This article by Matt Danford originally appeared in Modern Machine Shop magazine.
I couldn’t remember the last time I’d seen a quick-response (QR) code, yet there it was: A little stamp, somewhat resembling an ink-blot Rorschach-test image, staring back at me from the menu where the drink list should have been. On the road again for the first time since the pandemic, I hadn’t yet realized how common digital menus had become. Nor had I realized the extent to which QR codes — which I had previously dismissed as a decade-plus-old fad — had reemerged.
In the months since that dinner, I’ve noticed a similar story playing out in manufacturing. QR codes and other means of “branding” items with data are not new in manufacturing circles, nor are similar technologies like radio frequency identification (RFID). What has changed is the context in which they are used — specifically, the context of data-driven manufacturing, which is often touted as an answer to supply-chain and labor problems similar to those plaguing the restaurant industry. Any scannable tag or code is a tangible manifestation of a core idea in data-driven manufacturing philosophy: the idea that data should be inextricably linked to and easily retrievable from the physical entity it describes throughout that entity’s lifecycle.
Philosophy aside, manufacturing technology suppliers are incorporating “tag-and-track” systems into their offerings in a variety of creative ways. Here are four examples I’ve encountered recently:
1. Streamlining workflow. Cosen Saws recently introduced a digital work order system called Q-Cut. A dashboard prompts users to select and input job parameters for the generation of a new work order with a QR code, which the saw operator scans to retrieve cutting parameters and other job-specific data. The idea is to eliminate mistakes associated with manual data entry and to streamline workflow by making it easy to scan and load jobs into the machine.
Another example is the Anca Integrated Manufacturing System (AIMS), a modular approach to automating workflows for grinding cutting tools that leverages RFID. Prior to grinding, the machine scans an RFID tag on the holder of each tool blank to retrieve the cutting parameters and data for that individual blank (among other differences with QR codes, RFID tags actively transmit and feature read and write functionality). With this system, large groups of tool blanks can be loaded chaotically, because the machine will load the right program regardless of the blank’s pallet position. Possibilities for flexing a production schedule — by, for instance, inserting an emergency order, or avoiding the need to account for the position of every tool for lights-out machining — are easy to imagine.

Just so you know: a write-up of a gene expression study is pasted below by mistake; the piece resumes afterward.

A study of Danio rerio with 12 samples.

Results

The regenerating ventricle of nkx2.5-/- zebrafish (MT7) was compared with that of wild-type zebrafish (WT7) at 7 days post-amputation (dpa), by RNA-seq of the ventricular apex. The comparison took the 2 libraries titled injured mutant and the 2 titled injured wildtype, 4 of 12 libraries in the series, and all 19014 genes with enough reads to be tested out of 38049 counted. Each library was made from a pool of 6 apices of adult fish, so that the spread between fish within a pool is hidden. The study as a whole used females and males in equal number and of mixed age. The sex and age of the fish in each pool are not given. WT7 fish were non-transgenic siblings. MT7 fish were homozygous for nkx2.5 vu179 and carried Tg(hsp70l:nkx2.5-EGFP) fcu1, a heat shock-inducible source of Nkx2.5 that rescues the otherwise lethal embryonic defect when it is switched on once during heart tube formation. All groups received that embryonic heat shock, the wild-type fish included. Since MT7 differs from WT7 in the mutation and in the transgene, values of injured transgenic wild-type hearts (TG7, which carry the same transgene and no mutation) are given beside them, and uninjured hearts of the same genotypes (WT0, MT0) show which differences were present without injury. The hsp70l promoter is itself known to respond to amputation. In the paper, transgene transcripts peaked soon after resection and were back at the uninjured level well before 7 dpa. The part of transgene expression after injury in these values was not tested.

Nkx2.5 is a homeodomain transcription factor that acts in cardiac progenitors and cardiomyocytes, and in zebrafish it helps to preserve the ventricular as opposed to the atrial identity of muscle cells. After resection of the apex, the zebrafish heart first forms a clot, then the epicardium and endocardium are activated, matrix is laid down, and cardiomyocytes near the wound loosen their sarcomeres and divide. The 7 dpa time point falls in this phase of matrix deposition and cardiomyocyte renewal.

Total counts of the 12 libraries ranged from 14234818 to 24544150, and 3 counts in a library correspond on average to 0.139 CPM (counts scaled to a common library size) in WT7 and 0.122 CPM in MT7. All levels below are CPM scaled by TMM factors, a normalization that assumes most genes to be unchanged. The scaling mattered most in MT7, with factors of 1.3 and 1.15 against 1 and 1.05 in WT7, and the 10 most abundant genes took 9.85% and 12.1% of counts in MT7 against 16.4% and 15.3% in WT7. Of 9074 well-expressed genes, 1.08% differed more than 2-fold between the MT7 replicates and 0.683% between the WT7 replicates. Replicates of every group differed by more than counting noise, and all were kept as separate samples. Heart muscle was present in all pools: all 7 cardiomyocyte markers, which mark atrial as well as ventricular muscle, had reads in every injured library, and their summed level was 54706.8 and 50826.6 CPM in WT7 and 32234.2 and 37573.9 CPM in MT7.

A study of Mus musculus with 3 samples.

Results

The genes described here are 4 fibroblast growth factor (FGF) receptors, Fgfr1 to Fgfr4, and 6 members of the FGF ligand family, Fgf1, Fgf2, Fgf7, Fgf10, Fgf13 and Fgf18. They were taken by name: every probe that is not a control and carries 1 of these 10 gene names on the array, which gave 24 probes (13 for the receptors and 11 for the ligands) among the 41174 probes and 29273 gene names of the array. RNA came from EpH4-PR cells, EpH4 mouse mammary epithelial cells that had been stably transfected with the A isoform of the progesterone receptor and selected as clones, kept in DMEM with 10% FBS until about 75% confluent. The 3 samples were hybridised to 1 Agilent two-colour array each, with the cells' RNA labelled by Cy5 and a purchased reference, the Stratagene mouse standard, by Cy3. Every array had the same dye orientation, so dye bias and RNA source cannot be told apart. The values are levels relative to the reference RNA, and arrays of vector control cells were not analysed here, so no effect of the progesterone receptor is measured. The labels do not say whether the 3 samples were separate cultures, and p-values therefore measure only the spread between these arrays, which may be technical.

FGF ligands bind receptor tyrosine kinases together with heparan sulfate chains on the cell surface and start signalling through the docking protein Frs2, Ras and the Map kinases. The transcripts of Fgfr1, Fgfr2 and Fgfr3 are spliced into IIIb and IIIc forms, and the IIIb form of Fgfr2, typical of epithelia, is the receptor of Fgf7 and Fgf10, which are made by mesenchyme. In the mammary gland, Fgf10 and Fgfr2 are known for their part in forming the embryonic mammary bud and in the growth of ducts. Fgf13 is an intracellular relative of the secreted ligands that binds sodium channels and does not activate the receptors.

2. Automating and verifying tool setups. Offline presetting of tool assemblies is generally good practice, but it is also a practice that begs to be automated. Presetter manufacturers offer various means of accomplishing this, and most of the ones I’ve encountered employ RFID.
The last time I reported on one of these systems was a 2020 article about Pacon Manufacturing, a California precision machine shop that uses a Speroni presetter from Big Kaiser. RFID facilitates three key advantages in this system. First, offset data calculated from presetter measurements automatically transfer to the CNC. Second, automatic scanning of the tag also helps ensures the right tools are in the right positions of machine tool ATCs with more than 300 slots. Finally, writing cutting time data to the tag enables setting thresholds for issuing tool-life alerts for cutters that might not last through an entire unattended production run.
3. Managing the tool crib. Lost tools, incorrect tool assemblies, selecting the wrong tool — these common machine shop problems present ideal use cases for tag-and-track. One system designed for this purpose, Idem, provides users with RFID tags to affix to tools and scan with a portable reader. The system provides an at-a-glance dashboard view of all tools as well as scan histories; team member notes; compatibility details and more. Data can be sourced directly from an online database that reportedly contains information from more than 40 tool vendors.
4. Reducing saste through productivity improvement. Idem was founded by engineers from Seco Tools, which offers the system through its own Seco Tool Identification program. However, Seco has also been working on another system that uses different technology to achieve different goals. Late last year, the company announced that its Turbo 16 inserts would be laser-printed with data-matrix codes (which look and operate like QR codes but cram more information into the same space, among other differences).
According to Seco, more information on matrix-imprinted tooling is forthcoming. However, an article published by the company last year sheds light on the possibilities — including the possibility of the manufacturer also tracking the tools, which customers would imprint with data on specific machines, operations and run-times before sending the tool back at the end of its life. In addition to helping with customer application support, the data could feed into research and development of new cutting tools. It might also be used to sort returning tools for recycling.